What makes some version control systems better at merging?

I’ve heard that many of the distributed VCSs (git, mercurial, etc) are better at merging than traditional ones like Subversion. What does this mean? What sort of things do they do to make merging better? Could those things be done in a traditional VCS?

Bonus question: does SVN 1.5’s merge-tracking level the playing field at all?


    Most answers seems to be about Subversion, so here you have one about Git (and other DVCS).

    In distributed version control system when you merge one branch into another, you create new merge commit, which remembers how you resolved a merge, and remembers all parents of a merge. This information was simply lacking in Subversion prior to version 1.5; you had to use additional tools such as SVK or svnmerge for this. This information is very important when doing repeated merge.

    Thanks to this information distributed version control systems (DVCS) can automatically find common ancestor (or common ancestors), also known as merge base, for any two branches. Take a look at ASCII-art diagram of revisions below (I hope that it didn’t got too horribly mangled),

         \                /

    If we want to merge branch ‘2’ into branch ‘1’, the common ancestor we would want to use to generate merge would be version (commit) marked ‘A’. However, if version control system didn’t record information about merge parents (‘M’ is previous merge of the same branches), it wouldn’t be able to find that is commit ‘A’, and it would find commit ‘O’ as common ancestor (merge base) instead… which would repeat already included changes and result in large merge conflict.

    Distributed version control system had to do it right, i.e. they had to make merge very easy (without needing to mark/tag merge parents, and supply merge information by hand) from the very beginning, because the way to get somebody else to get code into project was not to give him/her commit access, but to pull from his/her repository: get commits from the other repository and perform a merge.

    You can find information about merging in Subversion 1.5. in Subversion 1.5 Release Notes. Issues of note: you need different (!) options to merge branch into trunk than merge trunk into branch, aka. not all branches are equal (in distributed version control systems they are [usually] technically equivalent).

    SVN’s merging capabilities are decent, and the simple merging scenarios work fine – e.g. release branch and trunk, where trunk tracks the commits on the RB.

    More complex scenarios get complicated fast. For example lets start with a stable branch (stable) and trunk.

    You want to demo a new feature, and prefer to base it on stable as it’s, well, more stable than trunk, but you want all your commits to be propagated to trunk as well, while the rest of the developers are still fixing things in stable and developing things on trunk.

    So you create a demo branch, and the merging graph looks like:

    • stable -> demo -> trunk (you)
    • stable -> trunk (other developers)

    But what happens when you merge changes from stable into demo, then merge demo to trunk, while all the time other developers are also merging stable into trunk? SVN gets confused with the merges from stable being merged twice into trunk.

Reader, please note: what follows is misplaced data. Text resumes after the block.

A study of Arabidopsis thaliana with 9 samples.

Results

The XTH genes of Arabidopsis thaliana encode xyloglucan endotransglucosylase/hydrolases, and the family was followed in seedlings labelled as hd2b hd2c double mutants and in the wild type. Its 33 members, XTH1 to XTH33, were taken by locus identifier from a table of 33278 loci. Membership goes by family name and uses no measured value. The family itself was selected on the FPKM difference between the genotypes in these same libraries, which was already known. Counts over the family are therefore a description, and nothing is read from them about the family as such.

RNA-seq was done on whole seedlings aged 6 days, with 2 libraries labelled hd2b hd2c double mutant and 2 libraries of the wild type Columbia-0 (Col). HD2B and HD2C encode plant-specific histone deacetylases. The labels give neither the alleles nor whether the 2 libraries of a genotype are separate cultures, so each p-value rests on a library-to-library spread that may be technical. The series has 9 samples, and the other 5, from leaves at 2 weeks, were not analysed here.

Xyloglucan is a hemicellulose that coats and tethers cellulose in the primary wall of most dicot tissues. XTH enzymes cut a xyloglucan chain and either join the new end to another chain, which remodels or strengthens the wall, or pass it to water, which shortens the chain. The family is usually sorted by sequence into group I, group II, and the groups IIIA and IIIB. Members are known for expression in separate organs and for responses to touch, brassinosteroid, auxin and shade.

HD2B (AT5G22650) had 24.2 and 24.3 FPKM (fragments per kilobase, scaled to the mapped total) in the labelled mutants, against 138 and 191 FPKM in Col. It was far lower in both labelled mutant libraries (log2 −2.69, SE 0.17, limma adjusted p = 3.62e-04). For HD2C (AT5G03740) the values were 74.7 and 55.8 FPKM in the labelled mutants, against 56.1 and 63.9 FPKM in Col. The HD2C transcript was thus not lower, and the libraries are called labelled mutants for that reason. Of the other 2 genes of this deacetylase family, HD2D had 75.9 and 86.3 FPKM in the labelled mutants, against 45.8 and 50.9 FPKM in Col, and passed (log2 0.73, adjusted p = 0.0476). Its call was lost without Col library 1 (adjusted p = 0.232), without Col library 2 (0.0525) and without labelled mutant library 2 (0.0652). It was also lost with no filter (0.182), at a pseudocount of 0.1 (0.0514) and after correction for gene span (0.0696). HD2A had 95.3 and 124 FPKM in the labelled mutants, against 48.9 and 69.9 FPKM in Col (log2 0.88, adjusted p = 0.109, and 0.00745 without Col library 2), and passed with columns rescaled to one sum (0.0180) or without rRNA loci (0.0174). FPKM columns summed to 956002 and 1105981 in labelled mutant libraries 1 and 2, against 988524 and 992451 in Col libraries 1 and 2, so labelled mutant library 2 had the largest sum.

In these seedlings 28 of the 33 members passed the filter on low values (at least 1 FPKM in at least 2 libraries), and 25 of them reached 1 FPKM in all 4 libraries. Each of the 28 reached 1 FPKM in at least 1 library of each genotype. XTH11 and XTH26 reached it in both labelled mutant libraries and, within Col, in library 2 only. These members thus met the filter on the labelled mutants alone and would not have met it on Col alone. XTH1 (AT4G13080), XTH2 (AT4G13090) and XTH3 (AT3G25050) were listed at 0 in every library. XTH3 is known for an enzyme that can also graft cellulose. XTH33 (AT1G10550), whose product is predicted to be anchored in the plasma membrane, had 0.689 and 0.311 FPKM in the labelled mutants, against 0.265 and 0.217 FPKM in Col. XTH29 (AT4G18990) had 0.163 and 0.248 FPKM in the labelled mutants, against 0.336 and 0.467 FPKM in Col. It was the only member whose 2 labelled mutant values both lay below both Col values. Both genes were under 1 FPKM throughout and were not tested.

There are ways around this, but with git/Bazaar/Mercurial this simply doesn’t happen – they realize whether the commits have already been merged because they ID each commit across the merging paths it takes.

    The merge tracking in 1.5 is better than no merge tracking, but it is still very much a manual process. I do like the way that it records which rev’s are and aren’t merged, but its no where near perfect.

    Merge has a nice dialog in 1.5. You can pick which revisions you wish to merge individually, or the whole branch. You then trigger the merge which occurs locally (and takes FOREVER) when then gives you a bunch of files to read through. You need to check logically each file for the correct behaviour (preferably running through unit tests on the files) and if you have conflicts you have to resolve them. Once your happy you make a commit of your change and at that point the branch is considered merged.

    If you do it piecemeal, SVN will remember what you have previously said that you have merged, allowing you to merge. I found the process and the result of some of the merges to be strange to say the least however…

    These version control systems can do better because they have more information.

    SVN pre-1.5, along with most VCS’s before the latest generation, doesn’t actually remember that you merged two commits anywhere. It remembers that the two branches share a common ancestor way back when they first branched off, but it doesn’t know about any more recent merges that could be used as common ground.

    I know nothing of SVN post 1.5 though, so maybe they’ve improved on this.

    Flippant answer: Why are some programming languages better at text/math than others?

    Real answer: because they have to be. distributed VCSs do much of there merging at a point where the neither of the authors of the conflicting code can tweak the merge manually because the merge is being done by a third party. As a result, the merge tool has to get it right most of the time.

    In contract with SVN you are doing something funky (and wrong?) if you ever end up merging something where you didn’t write one side or the other.

    IIRC most VCSs can shell out the merge to whatever you ask them to use, so there is (theoretically) nothing preventing SVN from using the GIT/mercurial merge engines. YMMV

    Git Baby is a git and github fan, let's start git clone.